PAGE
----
In this issue
April 9, 2014

Jonathan Tobin: Why Did Kerry Lie About Israeli Blame?

Samuel G. Freedman: A resolution 70 years later for a father's unsettling legacy of ashes from Dachau

Jessica Ivins: A resolution 70 years later for a father's unsettling legacy of ashes from Dachau

Kim Giles: Asking for help is not weakness

Kathy Kristof and Barbara Hoch Marcus: 7 Great Growth Israeli Stocks

Matthew Mientka: How Beans, Peas, And Chickpeas Cleanse Bad Cholesterol and Lowers Risk of Heart Disease

Sabrina Bachai: 5 At-Home Treatments For Headaches

The Kosher Gourmet by Daniel Neman Have yourself a matzo ball: The secrets bubby never told you and recipes she could have never imagined

April 8, 2014

Lori Nawyn: At Your Wit's End and Back: Finding Peace

Susan B. Garland and Rachel L. Sheedy: Strategies Married Couples Can Use to Boost Benefits

David Muhlbaum: Smart Tax Deductions Non-Itemizers Can Claim

Jill Weisenberger, M.S., R.D.N., C.D.E : Before You Lose Your Mental Edge

Dana Dovey: Coffee Drinkers Rejoice! Your Cup Of Joe Can Prevent Death From Liver Disease

Chris Weller: Electric 'Thinking Cap' Puts Your Brain Power Into High Gear

The Kosher Gourmet by Marlene Parrish A gift of hazelnuts keeps giving --- for a variety of nutty recipes: Entree, side, soup, dessert

April 4, 2014

Rabbi David Gutterman: The Word for Nothing Means Everything

Charles Krauthammer: Kerry's folly, Chapter 3

Amy Peterson: A life of love: How to build lasting relationships with your children

John Ericson: Older Women: Save Your Heart, Prevent Stroke Don't Drink Diet

John Ericson: Why 50 million Americans will still have spring allergies after taking meds

Cameron Huddleston: Best and Worst Buys of April 2014

Stacy Rapacon: Great Mutual Funds for Young Investors

Sarah Boesveld: Teacher keeps promise to mail thousands of former students letters written by their past selves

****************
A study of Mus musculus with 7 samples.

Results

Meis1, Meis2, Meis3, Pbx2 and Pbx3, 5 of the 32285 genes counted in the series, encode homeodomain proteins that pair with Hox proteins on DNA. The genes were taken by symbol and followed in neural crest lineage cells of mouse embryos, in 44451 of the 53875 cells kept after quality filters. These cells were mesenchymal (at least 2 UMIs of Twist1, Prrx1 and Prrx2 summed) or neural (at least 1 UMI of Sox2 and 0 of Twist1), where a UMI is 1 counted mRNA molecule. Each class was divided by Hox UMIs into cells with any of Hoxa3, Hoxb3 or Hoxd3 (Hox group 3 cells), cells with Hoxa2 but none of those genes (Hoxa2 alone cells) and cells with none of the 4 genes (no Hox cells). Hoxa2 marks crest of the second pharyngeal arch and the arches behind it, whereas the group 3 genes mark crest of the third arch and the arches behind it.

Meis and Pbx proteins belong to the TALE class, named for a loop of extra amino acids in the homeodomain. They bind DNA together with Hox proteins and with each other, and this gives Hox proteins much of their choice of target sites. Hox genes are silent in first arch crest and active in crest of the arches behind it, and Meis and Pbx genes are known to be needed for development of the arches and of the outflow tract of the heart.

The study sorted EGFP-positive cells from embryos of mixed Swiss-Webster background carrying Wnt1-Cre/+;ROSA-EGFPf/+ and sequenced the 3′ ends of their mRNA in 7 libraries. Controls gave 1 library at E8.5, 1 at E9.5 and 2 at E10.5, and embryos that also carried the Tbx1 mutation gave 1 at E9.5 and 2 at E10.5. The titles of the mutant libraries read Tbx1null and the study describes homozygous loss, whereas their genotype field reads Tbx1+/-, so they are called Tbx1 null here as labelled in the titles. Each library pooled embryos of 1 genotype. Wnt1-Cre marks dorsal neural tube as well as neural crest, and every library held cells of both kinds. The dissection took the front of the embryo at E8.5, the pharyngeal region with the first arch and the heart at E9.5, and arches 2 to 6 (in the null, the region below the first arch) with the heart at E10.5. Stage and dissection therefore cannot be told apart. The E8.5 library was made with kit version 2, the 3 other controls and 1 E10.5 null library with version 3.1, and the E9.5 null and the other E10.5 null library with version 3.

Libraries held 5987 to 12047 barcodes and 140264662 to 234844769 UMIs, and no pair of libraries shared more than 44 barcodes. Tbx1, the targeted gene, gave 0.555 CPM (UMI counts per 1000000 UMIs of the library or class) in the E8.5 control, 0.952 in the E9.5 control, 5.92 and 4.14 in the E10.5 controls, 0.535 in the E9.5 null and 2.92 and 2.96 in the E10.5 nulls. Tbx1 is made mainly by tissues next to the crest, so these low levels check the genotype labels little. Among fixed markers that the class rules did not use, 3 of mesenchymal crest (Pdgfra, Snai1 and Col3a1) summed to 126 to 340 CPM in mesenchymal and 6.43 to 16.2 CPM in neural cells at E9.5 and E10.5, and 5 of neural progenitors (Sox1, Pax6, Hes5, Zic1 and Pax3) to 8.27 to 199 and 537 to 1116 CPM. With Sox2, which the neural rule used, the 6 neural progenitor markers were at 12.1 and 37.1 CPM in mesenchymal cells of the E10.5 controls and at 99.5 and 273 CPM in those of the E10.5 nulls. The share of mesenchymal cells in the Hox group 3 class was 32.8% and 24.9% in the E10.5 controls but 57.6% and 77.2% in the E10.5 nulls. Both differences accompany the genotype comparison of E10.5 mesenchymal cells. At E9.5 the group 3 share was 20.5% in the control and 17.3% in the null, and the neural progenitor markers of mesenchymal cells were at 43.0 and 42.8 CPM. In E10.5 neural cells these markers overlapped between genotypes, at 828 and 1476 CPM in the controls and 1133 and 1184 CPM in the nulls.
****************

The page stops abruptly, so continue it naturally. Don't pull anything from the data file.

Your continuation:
The Kosher Gourmet by Sharon Thompson Anyone can make a salad, you say. But can they make a great salad? (SECRETS, TESTED TECHNIQUES + 4 RECIPES, INCLUDING DRESSINGS)

April 2, 2014

Paul Greenberg: Death and joy in the spring

Dan Barry: Should South Carolina Jews be forced to maintain this chimney built by Germans serving the Nazis?

Mayra Bitsko: Save me! An alien took over my child's personality

Frank Clayton: Get happy: 20 scientifically proven happiness activities

Susan Scutti: It's Genetic! Obesity and the 'Carb Breakdown' Gene

Lecia Bushak: Why Hand Sanitizer May Actually Harm Your Health

Stacy Rapacon: Great Funds You Can Own for $500 or Less

Cameron Huddleston: 7 Ways to Save on Home Decor

The Kosher Gourmet by Steve Petusevsky Exploring ingredients as edible-stuffed containers (TWO RECIPES + TIPS & TECHINQUES)

Jewish World Review June 21, 2006 / 25 Sivan, 5766

When Bubbas and hoes are extra welcome

By Celia Rivenbark

Celia Rivenbark

If you don't believe me, consider this. Last week, I was visiting a new friend who moved here from the North. She lives in a lovely subdivision filled with dozens of folks who have moved from Long Island, which has a completely different approach to iced tea, by the way.

We were saying goodbye on her front porch when I spied a 4-foot-long snake slithering its way toward my Taurus (incidentally, the car recently named "statistically least likely to be stolen," which somehow leaves me feeling insulted). I screamed, and to her credit, my new Northern pal screamed, too.

"Snake!" she shrieked.

"Snake!" I shrieked.

"Get the hoe!" I shrieked.

"Huh?" she said.

Fortunately for us, at this moment, my pal's husband and a neighbor, also from the North, walked into the yard at just the right moment. The garage door was up, and I could see an array of Snake Killing Implements hanging neatly on the pegboard.

"Get a hoe!" I shouted to the men. "There's a snake!"

They looked perplexed.

"A hoe?" said the neighbor, who was wearing some kind of jumpsuit with what looked just like the Dharma Initiative logo from "Lost" on the pocket. Funny the stuff you notice when your adrenaline is pumping.

The neighbor and my friend's husband looked at me as if I had asked them to help me strangle a basket of kittens.


I could've sworn I saw the snake pause to laugh at this, while sidling up to my wheel well.

"GET A HOE!" I repeated, thinking that at least my friend's hubby would take this seriously.

But he'd also become Johnny Environment, and the snake was just outright guffawing at this point.

And then it hit me. I needed a Bubba. My whole life, Southern men have come to my rescue, but this was not something that translated geographically. Where I'm from, if a woman hollers "Snake!" at least four Bubbas will magically appear, hoes in hand, and you're looking at snake puddin' in under 10 seconds.

The snake, hearing all this, slithered away to romp some more in his happy Bubba-free neighborhood.

"Fuhgeddaboutit," I heard him hiss.

Every weekday JewishWorldReview.com publishes what many in in the media and Washington consider "must-reading". Sign up for the daily JWR update. It's free. Just click here.

Celia Rivenbark is an award-winning news reporter and freelance columnist for The Sun News in Myrtle Beach, S.C. Comment by clicking here.